Revising Beyond the Bell – A Few Takeaways

beyond the bell

I began my career as a consultant and trainer for afterschool and expanded learning programs at PlusTime New Hampshire.

While I was there, I had one resource I would turn to time and time again to support the programs I was working with: the Beyond the Bell Toolkit. As a consultant dealing with a variety of program needs and questions, the Toolkit was a great resource for me because there were so many tools available on topics ranging from management to evaluation to program design and delivery. I recommended the Toolkit to the programs I was working with and often (only semi-jokingly) referred to it as “the Holy Grail of afterschool” because it focused on the organizational processes and procedures of developing and maintaining an afterschool program.

Fast forward to today. My team at American Institutes for Research is in the midst of updating and revising the Beyond the Bell Toolkit (Third Edition), which was last updated in 2005. Going through the information in the toolkit has been an interesting process. In many ways, the field has grown and changed over the last eight years but most of the content that is included still applies today.

As we work to identify gaps and begin writing new content, there are a few new or different areas of focus that are worth noting:

  • Evaluation alone is not enough. It is what you do with the data collected through evaluation that really matters. We have added an entirely new chapter to the updated version of Beyond the Bell that focuses on the continuous improvement of afterschool and expanded learning programs through data-driven decisions. In fact, the new version of Beyond the Bell is reorganized and based on a continuous improvement cycle: Develop → Implement → Evaluate.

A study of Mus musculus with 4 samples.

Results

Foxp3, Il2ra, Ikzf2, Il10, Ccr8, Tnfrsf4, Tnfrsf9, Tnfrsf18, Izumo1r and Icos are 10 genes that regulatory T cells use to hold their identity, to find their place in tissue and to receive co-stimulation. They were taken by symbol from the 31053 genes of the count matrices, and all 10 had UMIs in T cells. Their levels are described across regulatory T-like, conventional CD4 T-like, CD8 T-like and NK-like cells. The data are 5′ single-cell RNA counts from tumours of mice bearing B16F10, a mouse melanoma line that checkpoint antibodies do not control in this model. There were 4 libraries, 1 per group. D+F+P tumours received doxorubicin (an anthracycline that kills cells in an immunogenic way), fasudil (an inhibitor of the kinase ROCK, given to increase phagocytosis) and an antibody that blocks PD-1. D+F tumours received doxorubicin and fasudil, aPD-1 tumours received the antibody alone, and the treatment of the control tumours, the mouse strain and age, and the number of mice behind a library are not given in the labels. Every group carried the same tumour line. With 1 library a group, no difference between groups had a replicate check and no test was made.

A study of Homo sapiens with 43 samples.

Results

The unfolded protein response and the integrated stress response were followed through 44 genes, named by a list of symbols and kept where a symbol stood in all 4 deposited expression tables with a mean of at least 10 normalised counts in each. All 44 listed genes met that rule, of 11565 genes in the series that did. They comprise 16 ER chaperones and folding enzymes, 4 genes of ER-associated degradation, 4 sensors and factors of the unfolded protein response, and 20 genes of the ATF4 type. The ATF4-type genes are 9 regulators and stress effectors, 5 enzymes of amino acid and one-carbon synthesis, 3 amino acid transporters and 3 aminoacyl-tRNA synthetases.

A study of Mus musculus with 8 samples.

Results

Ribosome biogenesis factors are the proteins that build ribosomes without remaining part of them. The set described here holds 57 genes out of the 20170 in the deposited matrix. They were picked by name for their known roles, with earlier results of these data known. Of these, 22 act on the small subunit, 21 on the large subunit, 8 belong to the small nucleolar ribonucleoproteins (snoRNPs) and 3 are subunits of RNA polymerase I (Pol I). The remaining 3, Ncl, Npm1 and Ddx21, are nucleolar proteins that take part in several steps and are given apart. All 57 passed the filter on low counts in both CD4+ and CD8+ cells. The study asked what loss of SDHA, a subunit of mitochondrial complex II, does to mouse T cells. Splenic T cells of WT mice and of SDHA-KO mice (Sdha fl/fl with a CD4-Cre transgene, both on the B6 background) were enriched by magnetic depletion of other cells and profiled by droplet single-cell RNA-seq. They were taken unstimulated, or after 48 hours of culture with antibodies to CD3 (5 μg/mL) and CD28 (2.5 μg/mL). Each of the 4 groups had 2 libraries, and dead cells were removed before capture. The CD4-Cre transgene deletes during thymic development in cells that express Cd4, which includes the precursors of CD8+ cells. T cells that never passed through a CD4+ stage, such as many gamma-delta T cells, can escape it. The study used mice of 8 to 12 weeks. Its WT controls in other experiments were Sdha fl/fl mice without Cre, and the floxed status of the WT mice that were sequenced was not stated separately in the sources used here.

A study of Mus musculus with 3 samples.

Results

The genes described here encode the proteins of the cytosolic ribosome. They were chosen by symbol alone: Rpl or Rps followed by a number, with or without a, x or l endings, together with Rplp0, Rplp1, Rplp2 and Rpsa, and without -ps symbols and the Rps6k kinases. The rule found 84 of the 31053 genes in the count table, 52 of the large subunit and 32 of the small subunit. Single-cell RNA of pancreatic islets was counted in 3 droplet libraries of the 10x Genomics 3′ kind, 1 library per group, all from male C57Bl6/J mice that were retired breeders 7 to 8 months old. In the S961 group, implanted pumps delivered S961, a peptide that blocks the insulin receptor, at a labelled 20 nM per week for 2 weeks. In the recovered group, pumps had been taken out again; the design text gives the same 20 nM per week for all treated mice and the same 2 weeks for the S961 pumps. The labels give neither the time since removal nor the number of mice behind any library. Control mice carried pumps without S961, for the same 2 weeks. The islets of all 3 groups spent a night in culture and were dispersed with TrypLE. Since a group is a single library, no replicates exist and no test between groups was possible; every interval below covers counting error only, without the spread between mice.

• Youth development is not a discrete activity. Rather youth development is the philosophy by which a program operates and these principles are woven into all activities, regardless of content.
  • Partnerships extend beyond the school and youth-serving organizations. Partnerships exist among young people, their families, schools, and the community. Involving each of these key stakeholders is important for the long-term success of an afterschool and expanded learning program.
  • Programs are placing a greater emphasis on hands-on activities, service learning, and STEM. We are looking to afterschool and expanded learning programs now more than ever to offer these kinds of activities because these programs have the additional time, space, and flexibility for activities that may not fit into the traditional school day.

Personally, I am very excited about the new edition but I think one of the best things about the Toolkit

This is something we are really focusing on in the revised edition – is that it can be a great resource for both new and seasoned staff. For those just starting out (like me, back at PlusTime NH), there are tools on defining your mission and setting goals. For those who have been operating a program for years, there are tools on growing family and community partnerships and involving staff in data-driven decision-making. And just like the editions that came before, the new Toolkit will continue to offer tools in Word format for easy editing and personalizing that staff of all levels can use every day.

We are all hard at work and look forward to releasing what we hope will continue to be a great resource for the field. We can’t wait to share it with all of you!

And for breakfast this morning I had Kashi Heart to Heart Oat Flakes and Blueberry Clusters and almond milk, topped with fresh blueberries. Yum!

Author Profile: @jaimesinger

Follow the Afterschool and Expanded Learning team at AIR on Twitter @explearningAIR.